In August last year, after six years of living in the Middle East and her third expat assignment, a woman decided it was time to move home. She knew that the focus of her work and life needed to be back in the more familiar environment of her home country. She was grateful for everything she had experienced and learned, the wonderful people she had met and the chance to travel to places she might otherwise not have seen. She had also been through the typical ups and downs of expat life, that are well known to all those who choose it, and had come to the end of her expat “shelf life”. There were starting to be more downs than ups and that was a sign that it was time for a change.
As someone with a background in international HR and global mobility, she knew perfectly well that repatriation for some people could be as unsettling as going abroad in the first place. But not for her. She knew what to expect. She’d supported others through it. She had it sorted. And it wasn’t as if she was relocating the contents of a house, a family, beloved pets – the whole “repat” shebang – only herself and a couple of suitcases because by that stage, the furniture had been sold, unwanted clothes given away and she was living in a serviced apartment. Easy.
So, she said her goodbyes, boarded the plane and within 12 hours was back home, to her own house. Easy.
Except that it wasn’t. Practically, logistically speaking, almost everything was back where it should be, yet for some time she still felt very unsettled and couldn’t work out why. With her professional HR hat on, it should have been totally obvious, but she kept pushing that answer away – not her, she had known in advance what to expect and didn’t even use the word “repatriation” – she’d just moved back home. She’d just changed the scenery.
Her husband was still in the Middle East for a while longer but they made sure they met up frequently and saw each other a couple of times a month and his job brought him home fairly often too. Of course, that was a change from being together in the same place, but it was manageable.
And of course, her daily routine was different. Last time she’d lived at home, she’d had a full-time job, a role to fulfil and a place to go each day; this time she was self-employed and starting from scratch, knowing very few people professionally. She needed to get out that door and start networking. Her friends and family were there for her, which was lovely, so very welcome and good for her soul, but still, she felt unsettled. She didn’t feel she had a structure to her week or a “proper” purpose, whatever that meant. And the more she thought about what she perceived to be her rather pathetic outlook, the more frustrated she became.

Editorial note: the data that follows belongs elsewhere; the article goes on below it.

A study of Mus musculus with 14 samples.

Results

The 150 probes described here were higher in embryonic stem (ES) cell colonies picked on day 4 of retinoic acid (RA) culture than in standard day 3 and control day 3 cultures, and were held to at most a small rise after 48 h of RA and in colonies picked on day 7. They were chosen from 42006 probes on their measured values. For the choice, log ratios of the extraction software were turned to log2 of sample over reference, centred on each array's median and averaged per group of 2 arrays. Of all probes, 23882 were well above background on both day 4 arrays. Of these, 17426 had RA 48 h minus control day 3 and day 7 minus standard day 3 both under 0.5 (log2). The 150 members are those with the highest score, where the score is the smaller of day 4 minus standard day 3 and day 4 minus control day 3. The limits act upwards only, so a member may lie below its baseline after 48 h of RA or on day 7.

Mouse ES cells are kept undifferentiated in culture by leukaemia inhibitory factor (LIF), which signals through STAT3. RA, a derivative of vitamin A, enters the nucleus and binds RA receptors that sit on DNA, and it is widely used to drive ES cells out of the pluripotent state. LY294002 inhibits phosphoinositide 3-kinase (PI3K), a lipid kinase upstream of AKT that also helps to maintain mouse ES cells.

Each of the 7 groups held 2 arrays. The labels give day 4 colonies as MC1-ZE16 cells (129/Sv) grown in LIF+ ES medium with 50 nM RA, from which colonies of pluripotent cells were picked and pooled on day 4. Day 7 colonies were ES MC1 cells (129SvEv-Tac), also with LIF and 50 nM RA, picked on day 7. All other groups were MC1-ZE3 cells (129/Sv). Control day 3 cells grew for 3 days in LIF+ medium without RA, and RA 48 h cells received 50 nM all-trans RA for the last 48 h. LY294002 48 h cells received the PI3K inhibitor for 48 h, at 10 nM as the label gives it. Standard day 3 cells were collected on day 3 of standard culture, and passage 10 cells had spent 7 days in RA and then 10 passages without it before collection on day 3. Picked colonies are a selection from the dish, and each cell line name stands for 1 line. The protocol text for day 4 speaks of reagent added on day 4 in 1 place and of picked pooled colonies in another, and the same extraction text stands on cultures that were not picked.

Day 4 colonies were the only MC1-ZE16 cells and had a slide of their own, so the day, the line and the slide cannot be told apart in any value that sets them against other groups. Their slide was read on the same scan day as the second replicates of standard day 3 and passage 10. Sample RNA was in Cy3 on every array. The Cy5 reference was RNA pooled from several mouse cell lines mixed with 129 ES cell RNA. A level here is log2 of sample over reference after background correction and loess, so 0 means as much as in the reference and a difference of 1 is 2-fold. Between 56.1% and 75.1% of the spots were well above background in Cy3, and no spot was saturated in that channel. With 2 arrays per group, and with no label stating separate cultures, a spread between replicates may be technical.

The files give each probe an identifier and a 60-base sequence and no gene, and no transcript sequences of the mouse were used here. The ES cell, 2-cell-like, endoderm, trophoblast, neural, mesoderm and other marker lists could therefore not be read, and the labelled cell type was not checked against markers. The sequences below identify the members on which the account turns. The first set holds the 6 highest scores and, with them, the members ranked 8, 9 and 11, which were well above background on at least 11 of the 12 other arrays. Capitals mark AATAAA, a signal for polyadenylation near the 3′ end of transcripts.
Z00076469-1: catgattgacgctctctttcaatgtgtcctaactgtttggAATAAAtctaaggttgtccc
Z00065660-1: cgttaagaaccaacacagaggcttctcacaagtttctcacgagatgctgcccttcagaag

She started to feel ridiculous, started to say “get over yourself – what’s the big deal?”. She felt a bit of a fraud because she had lauded the move back home as the right decision and something she just had to do. Of course, all that was still true but it didn’t make it easy. She kept it all inside as she felt a bit embarrassed about how she was feeling. Grow up; you’re a professional.
Then someone asked her, pointedly – “you’re a coach; what would you say to someone else who has just changed country, moved back home, gone through this kind of upheaval and transition?”.
Funny how the blindingly obvious is so entirely out of reach when our resources are low, when our energy levels are down, when we are running on empty, yet relentlessly still piling on the pressure to keep going, keep smiling, do something! We lose sight of ourselves.
Change, however small, is unsettling even when it’s expected. We all know this – cognitively – that’s the easy bit. But actually experiencing and feeling it, even when it’s planned and intended – that’s something else. That can be a shock – it was for me. Repatriation is not a small change – it’s a significant upheaval on many levels. People will experience it differently but it’s change all the same and on reflection, I should have been honest with myself – and kinder – rather earlier.
I share this here only because most people who know me and have worked with me, might not expect me to do so but being open and authentic is part of what makes me a good coach – if I can’t do it, then why should I expect my clients to?
Several months later, with the support of my husband and so many of you, I am much more settled, and I am home. Thank you all.